This week I review three new releases from Legacy.
Janis Joplin - "The Pearl Sessions"
This double CD chronicles the best-known album by the soul-belter Janis Joplin and includes the hits that made her famous -"Mercedes Benz" and "Me and Bobby McGee."
I have to admit Janis Joplin has never been my favorite singer, and I've never really "gotten" why so many fell in love with her gritty, over-the-top voice. I think part of the reason is because I believe there were so many female singers better than Joplin who never got their due, including several female blues' singers she copped her mojo from.
This isn't to say she wasn't without talent, and who doesn't like the campfire sing-a-long vibe of "Me and Bobby McGee," written by a very young songwriter named Kris Kristofferson? It's a great song and probably Joplin's finest hour as a singer.
I will say this - this was, by far, her best album, thanks mostly to the Full Tilt Boogie Band, which was a red-hot collection of players that made Joplin's previous band of hacks - Big Brother and the Holding Company - sound pathetic. I actually enjoy listening to the session pros on "The Pearl Sessions" rather than Joplin's kind-of-annoying-to-me singing. Still, Joplin paved the way for women in rock to, well, rock on their own, so she deserves credit.
"The Pearl Sessions" also features a second disc of "fly-on-the-wall" studio outtakes, snippets of studio conversation as well as the mono single masters of "Bobby McGee" and other singles as well as live cuts of "Tell Mama" and "Half Moon."
Joplin reminds me of other young white musicians in the late 1960s and early '70s who discovered the magic of the blues' masters and wanted to emulate them. Sometimes the results were something that transcended the initial influence - witness the amazing string of albums the blues'-influenced Rolling Stones recorded during this era - and sometimes the results were mediocre and hopelessly dated. Does anyone actually still remember or listen to Canned Heat?
For diehard fans of Joplin only.
Luther Vandross - "Hidden Gems"
The late Luther Vandross, who really died a tragic death, almost singlehandedly invented the template for modern R&B singers.
Vandross did this through his sultry vocals mixed with a snappish, uptown sophistication and a jazz singer's ear for harmony. Vandross also had vocal chops that defined the wine-and-dine, penthouse feel of a lot of '70s R&B, and probably the only male singer in his class doing the same would probably be George Benson.
A true pop artist in the best sense of the term who was the original American Idol to millions, Vandross made emotional vulnerability sexy with his heart-on-his-sleeve crooning and slick production style.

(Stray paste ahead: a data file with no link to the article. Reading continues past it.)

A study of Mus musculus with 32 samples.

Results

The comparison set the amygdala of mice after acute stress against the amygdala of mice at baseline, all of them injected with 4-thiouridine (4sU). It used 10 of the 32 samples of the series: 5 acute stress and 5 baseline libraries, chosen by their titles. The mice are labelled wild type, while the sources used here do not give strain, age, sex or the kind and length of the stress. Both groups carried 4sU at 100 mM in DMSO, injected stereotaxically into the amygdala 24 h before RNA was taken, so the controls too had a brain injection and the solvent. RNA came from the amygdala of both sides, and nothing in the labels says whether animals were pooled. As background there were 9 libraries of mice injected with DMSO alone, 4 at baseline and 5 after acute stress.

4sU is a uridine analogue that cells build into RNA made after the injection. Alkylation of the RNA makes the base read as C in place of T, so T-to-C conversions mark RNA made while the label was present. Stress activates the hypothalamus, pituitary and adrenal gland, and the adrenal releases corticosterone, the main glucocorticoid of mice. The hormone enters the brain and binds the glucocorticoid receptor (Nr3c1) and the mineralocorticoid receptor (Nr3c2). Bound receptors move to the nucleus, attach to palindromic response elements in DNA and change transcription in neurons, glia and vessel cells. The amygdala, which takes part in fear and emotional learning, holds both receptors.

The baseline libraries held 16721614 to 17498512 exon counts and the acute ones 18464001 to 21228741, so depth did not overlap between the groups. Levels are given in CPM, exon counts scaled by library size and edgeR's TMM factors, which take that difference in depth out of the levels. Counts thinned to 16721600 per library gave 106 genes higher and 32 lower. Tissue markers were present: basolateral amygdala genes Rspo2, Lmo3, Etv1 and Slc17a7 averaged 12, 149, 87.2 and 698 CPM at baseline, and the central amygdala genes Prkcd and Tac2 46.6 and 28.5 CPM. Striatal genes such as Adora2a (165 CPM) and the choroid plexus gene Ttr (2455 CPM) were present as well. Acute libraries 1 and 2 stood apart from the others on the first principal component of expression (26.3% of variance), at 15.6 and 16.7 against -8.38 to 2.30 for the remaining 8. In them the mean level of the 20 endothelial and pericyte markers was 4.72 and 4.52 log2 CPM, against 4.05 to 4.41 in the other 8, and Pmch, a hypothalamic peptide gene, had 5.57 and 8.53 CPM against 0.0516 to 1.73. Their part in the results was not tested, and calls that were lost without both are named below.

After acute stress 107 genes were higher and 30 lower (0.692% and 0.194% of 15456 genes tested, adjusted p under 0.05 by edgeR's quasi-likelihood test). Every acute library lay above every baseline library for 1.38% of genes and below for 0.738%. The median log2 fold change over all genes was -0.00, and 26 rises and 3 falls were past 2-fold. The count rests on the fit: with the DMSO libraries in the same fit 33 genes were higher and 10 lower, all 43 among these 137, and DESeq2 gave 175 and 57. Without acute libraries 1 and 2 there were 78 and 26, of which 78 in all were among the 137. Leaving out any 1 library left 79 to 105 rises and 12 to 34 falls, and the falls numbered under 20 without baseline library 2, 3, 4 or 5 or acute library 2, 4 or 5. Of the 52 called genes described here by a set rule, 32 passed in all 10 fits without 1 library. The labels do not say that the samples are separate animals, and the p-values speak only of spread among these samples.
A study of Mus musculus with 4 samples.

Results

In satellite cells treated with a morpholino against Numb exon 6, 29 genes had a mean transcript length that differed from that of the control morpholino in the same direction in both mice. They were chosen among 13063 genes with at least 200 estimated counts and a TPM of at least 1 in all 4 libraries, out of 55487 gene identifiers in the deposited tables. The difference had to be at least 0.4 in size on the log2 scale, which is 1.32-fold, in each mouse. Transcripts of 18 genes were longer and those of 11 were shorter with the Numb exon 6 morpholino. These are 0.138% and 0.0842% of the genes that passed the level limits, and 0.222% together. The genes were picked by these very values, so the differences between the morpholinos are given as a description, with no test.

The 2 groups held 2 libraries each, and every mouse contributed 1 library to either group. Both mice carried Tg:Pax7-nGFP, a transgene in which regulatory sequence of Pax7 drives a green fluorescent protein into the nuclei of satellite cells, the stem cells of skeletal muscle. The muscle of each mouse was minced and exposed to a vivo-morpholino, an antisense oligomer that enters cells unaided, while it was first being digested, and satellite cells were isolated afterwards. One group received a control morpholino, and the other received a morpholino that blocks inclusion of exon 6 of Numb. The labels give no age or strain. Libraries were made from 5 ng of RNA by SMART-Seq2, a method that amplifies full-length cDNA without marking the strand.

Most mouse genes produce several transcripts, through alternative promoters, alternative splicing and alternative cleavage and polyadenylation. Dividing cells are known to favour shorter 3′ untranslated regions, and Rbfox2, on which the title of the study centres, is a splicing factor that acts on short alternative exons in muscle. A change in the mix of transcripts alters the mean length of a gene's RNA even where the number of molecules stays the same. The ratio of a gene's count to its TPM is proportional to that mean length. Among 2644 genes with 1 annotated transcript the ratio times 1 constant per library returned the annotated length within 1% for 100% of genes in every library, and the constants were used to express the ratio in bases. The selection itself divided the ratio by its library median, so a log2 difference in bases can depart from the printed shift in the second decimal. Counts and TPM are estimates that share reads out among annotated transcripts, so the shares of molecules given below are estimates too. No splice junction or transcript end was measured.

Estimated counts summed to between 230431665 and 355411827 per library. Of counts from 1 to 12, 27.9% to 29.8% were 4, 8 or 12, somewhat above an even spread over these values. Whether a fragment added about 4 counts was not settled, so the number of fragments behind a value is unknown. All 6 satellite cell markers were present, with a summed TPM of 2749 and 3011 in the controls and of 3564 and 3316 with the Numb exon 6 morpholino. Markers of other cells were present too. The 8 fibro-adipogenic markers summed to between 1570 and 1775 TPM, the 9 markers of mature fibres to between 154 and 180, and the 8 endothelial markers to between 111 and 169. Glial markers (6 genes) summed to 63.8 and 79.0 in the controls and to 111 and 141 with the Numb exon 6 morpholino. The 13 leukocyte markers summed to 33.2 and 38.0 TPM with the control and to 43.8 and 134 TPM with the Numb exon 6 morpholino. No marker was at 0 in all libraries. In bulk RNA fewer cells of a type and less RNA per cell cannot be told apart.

Vandross was more than just an R&B singer - he also was a great songwriter and producer of other talent as well, and he proved this by producing and co-writing quite a bit of David Bowie's blue-eyed soul masterpiece, "Young Americans," in the '70s - bet you didn't know that, did you?
That's why I always read the musicians and producers' credits.
Vandross now has a million imitators vying to be the next big pop sensation, and no one in modern R&B can escape his shadow. "Hidden Gems" is really just a collection of odds and ends that Vandross recorded for Sony music in the late 1990s and early 2000s.
If you want to know where Usher came from, this is the place to begin.
Donovan - "The Essential Donovan"
Donovan began as the most convincing British singer aping Bob Dylan in the 1960s but wound up as something a little different - the flower-power guru who accompanied the Beatles on their sojourn to India in 1968 see the faker-than-fake founder of Transcendental Meditation, the Maharishi.
Between his meditating and hanging out with other rock stars, Donovan also made some surprisingly good music, and while a lot of it sounds dated to the era - I can't see Marilyn Manson or Godsmack singing Donovan-penned fare such "Sunshine Superman" or "Mellow Yellow" - Donovan was a good songwriter with an appealing voice once he stopped pretending to be Dylan.
This double CD chronicles the best Donovan had to offer, including the genuinely good "Catch the Wind," the impossibly catchy "Season of the Witch" and yes, even the cornball "Hurdy Gurdy Man."
Try as I might to dislike the hippy-dippy vibe of Donovan's music - my musical elitism is showing here - I couldn't, mainly because he wrote great songs that still sound pretty good today, despite the LSD-influenced sentiments.
Ugh. I don't believe I just wrote that.
Anyway, "The Essential Donovan" is a lot of fun, even if you stayed away from the brown acid during the original Woodstock.
(Mark Miller is co-editor of Weekender. He can be contacted at firstname.lastname@example.org.)